Posted May 30, 2018

David Worsfold

Illiquid assets have been gaining in popularity among insurers over the last couple of years. This has been a steady trend, not a headlong rush, but it is sufficient to start gently ringing the alarm bells at the Bank of England and the Prudential Regulation Authority.

The growing interest in illiquid assets has been reflected in the audience polling among participants at the Insurance Investment Exchange’s quarterly seminars.

The Bank’s concerns were set out at the end of last month by David Rule, the executive director of insurance supervision, in a little-reported speech at a Westminster and City conference entitled Bulk Annuities – The Expanding Market.

A lot of Rule’s focus was on the expansion of the equity release market and the potential impact of a slump in house prices could have on margins and profitability, but he also aired some serious concerns about the use of equity release as an asset.

He made it clear that the PRA recognises the potential value of equity release to consumers, especially as £1.8 trillion of the £2.6 trillion of homeowner equity in England belongs to people over 55. However, he urged insurers to look carefully at the business model and how it might cope if the housing market does not perform as positively as anticipated.

“First, simple projections suggest that equity release mortgage books could face difficulties in scenarios of flat, as well as falling, nominal house prices. Second, UK experience is that although house prices do diverge across regions, they tend to move in the same direction. So insurers might not be able to diversify away the risk to any significant extent. Third, the experiences of, for example, the Japanese property market between 1990 and 2010 and the Italian property market between 2007 and 2017 show that it is possible for house prices in an advanced economy to fall over a period of decades.”

He said the no-negative-equity guarantee that is now a common feature of equity release plans held particular dangers if house prices stagnated. The roll-up of interest on loans could mean that this becomes a liability for the lender, or at least an asset of diminishing value.

This leads directly to the PRA’s concerns about how equity release appears on the asset side of the balance sheet and how it – along with other illiquid assets – is treated under Solvency II and the Matching Adjustment regime. One of the arguments deployed by the pan-European regulator EIOPA (European Insurance and Occupational Pensions Regulatory Authority) in rebuffing the pressure from insurers for a more generous treatment of illiquid assets under Solvency II has been its fear of what might happen when portfolios or particular assets come under stress and pro-cyclicality becomes a factor.

Rule took up this theme.

“But why is the Matching Adjustment on illiquid assets larger than on corporate bonds? One possibility is that that the wider spreads are compensating other investors for the risk that they might need to sell into secondary markets that are less liquid than the corporate bond market. The problem with this argument is that insurers are beginning to dominate a number of these markets, notably equity release mortgages.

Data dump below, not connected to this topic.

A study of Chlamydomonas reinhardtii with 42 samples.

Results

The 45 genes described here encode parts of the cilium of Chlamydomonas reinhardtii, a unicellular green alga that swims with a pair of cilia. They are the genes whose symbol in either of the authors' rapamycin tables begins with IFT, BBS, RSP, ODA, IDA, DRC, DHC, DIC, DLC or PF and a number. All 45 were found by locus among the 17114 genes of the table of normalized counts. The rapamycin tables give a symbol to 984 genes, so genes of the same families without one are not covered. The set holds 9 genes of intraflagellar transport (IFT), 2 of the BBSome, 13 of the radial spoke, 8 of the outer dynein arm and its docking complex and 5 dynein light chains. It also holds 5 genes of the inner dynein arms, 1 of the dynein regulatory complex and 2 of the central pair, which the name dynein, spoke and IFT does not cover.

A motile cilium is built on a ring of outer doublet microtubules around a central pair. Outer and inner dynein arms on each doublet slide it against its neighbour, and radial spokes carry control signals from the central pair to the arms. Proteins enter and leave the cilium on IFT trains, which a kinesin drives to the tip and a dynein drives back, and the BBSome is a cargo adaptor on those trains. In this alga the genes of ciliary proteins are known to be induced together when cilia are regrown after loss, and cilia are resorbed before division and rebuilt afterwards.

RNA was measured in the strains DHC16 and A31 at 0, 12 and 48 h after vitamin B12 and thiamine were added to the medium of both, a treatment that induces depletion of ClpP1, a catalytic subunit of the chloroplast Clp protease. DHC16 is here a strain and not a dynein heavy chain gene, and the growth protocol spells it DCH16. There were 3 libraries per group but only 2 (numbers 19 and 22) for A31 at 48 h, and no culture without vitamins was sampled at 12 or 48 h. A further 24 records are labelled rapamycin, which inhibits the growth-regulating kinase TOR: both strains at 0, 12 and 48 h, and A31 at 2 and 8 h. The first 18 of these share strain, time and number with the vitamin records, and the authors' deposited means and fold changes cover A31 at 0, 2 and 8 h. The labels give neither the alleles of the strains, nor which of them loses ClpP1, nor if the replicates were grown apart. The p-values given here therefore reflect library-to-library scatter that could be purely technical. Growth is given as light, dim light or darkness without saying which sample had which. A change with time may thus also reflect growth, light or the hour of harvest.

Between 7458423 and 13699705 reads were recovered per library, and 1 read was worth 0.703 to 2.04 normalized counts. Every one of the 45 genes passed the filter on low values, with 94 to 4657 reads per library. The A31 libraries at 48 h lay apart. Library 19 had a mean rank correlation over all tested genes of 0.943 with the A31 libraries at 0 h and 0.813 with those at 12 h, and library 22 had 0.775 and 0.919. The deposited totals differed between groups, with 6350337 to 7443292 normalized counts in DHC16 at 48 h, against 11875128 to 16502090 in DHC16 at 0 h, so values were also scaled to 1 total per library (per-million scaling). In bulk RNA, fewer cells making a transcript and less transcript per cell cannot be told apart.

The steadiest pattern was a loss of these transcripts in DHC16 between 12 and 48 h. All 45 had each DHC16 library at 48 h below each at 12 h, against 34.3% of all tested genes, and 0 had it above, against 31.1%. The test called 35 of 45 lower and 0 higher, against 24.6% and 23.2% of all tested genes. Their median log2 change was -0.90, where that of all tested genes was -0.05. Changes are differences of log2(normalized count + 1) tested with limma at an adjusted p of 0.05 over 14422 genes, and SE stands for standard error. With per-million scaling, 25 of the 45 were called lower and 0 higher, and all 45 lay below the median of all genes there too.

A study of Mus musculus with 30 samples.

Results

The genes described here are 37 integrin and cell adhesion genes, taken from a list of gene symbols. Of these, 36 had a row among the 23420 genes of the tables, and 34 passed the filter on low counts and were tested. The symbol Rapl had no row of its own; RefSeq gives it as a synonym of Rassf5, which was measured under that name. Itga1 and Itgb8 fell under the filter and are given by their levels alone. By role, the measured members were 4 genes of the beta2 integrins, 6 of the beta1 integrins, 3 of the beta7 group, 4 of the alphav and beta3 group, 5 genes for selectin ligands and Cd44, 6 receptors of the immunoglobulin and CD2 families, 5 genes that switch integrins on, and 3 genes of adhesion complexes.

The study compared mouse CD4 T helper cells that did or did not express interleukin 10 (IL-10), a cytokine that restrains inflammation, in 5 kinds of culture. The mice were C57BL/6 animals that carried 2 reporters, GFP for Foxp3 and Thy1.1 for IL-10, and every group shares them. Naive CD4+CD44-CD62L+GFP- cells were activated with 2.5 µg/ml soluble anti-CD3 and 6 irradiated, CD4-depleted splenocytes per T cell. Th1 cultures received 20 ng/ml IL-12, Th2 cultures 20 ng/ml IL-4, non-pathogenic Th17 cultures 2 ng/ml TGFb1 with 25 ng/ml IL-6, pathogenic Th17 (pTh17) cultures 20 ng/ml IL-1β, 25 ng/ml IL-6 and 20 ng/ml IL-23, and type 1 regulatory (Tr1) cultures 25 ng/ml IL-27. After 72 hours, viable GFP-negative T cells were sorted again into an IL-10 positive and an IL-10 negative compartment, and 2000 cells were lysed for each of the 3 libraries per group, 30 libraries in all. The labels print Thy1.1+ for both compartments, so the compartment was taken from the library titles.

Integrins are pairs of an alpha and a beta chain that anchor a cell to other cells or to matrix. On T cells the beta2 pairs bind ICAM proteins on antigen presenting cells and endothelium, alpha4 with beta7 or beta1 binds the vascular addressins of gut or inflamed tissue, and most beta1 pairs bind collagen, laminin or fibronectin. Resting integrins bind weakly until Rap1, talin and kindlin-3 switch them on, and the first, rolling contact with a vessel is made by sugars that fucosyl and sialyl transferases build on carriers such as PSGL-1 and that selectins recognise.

“In at least some of these markets, it seems likely that they are now the marginal lenders and returns should therefore reflect the risks that they face”.

He said that the PRA saw particular dangers in the way insurers were treating equity release as an asset and getting it into their investment portfolios by the way of securitised notes.

“It should be no surprise that we are paying particular attention to the internal ratings of the securitised notes backed by equity release mortgages. These typically have a high matching adjustment, are complex and relatively large in value. They are subject to credit default and downgrade risks, like any other matching adjustment assets. But the drivers of default and downgrade risks are the risks on the underlying

mortgages, such as prepayment, longevity or the exposure to long-term house prices arising from the no-negative-equity guarantee.

“The essential point of SS 3/171 is that compensation for the risks taken by the insurer, particularly providing a no-negative equity guarantee, should not translate into a matching adjustment benefit on the restructured notes. Moreover, the compensation for risks retained by a firm as a result of the no negative equity guarantee must comprise more than the best estimate cost of the no negative equity guarantee.

“A best estimate cost of the no negative equity guarantee might be based on assumptions about likely long-term house price growth in excess of risk-free rates, extrapolating for example from historical experience. But long-term house price growth is a risk to which insurers are exposed”.

Although the main focus of Rule’s analysis was equity release, he did not separate it as an asset class from wider concerns about the growing prominence of illiquid assets in insurers’ investment portfolios. It might stand out in his analysis as the asset most likely to get those regulatory alarm bells ringing, but other property related assets are also being scrutinised by the PRA, given the growing reliance on the matching adjustment by some insurers.

1Solvency II: Matching Adjustment, unrated, illiquid assets and equity release mortgages. Prudential Regulation Authority SS 3/17.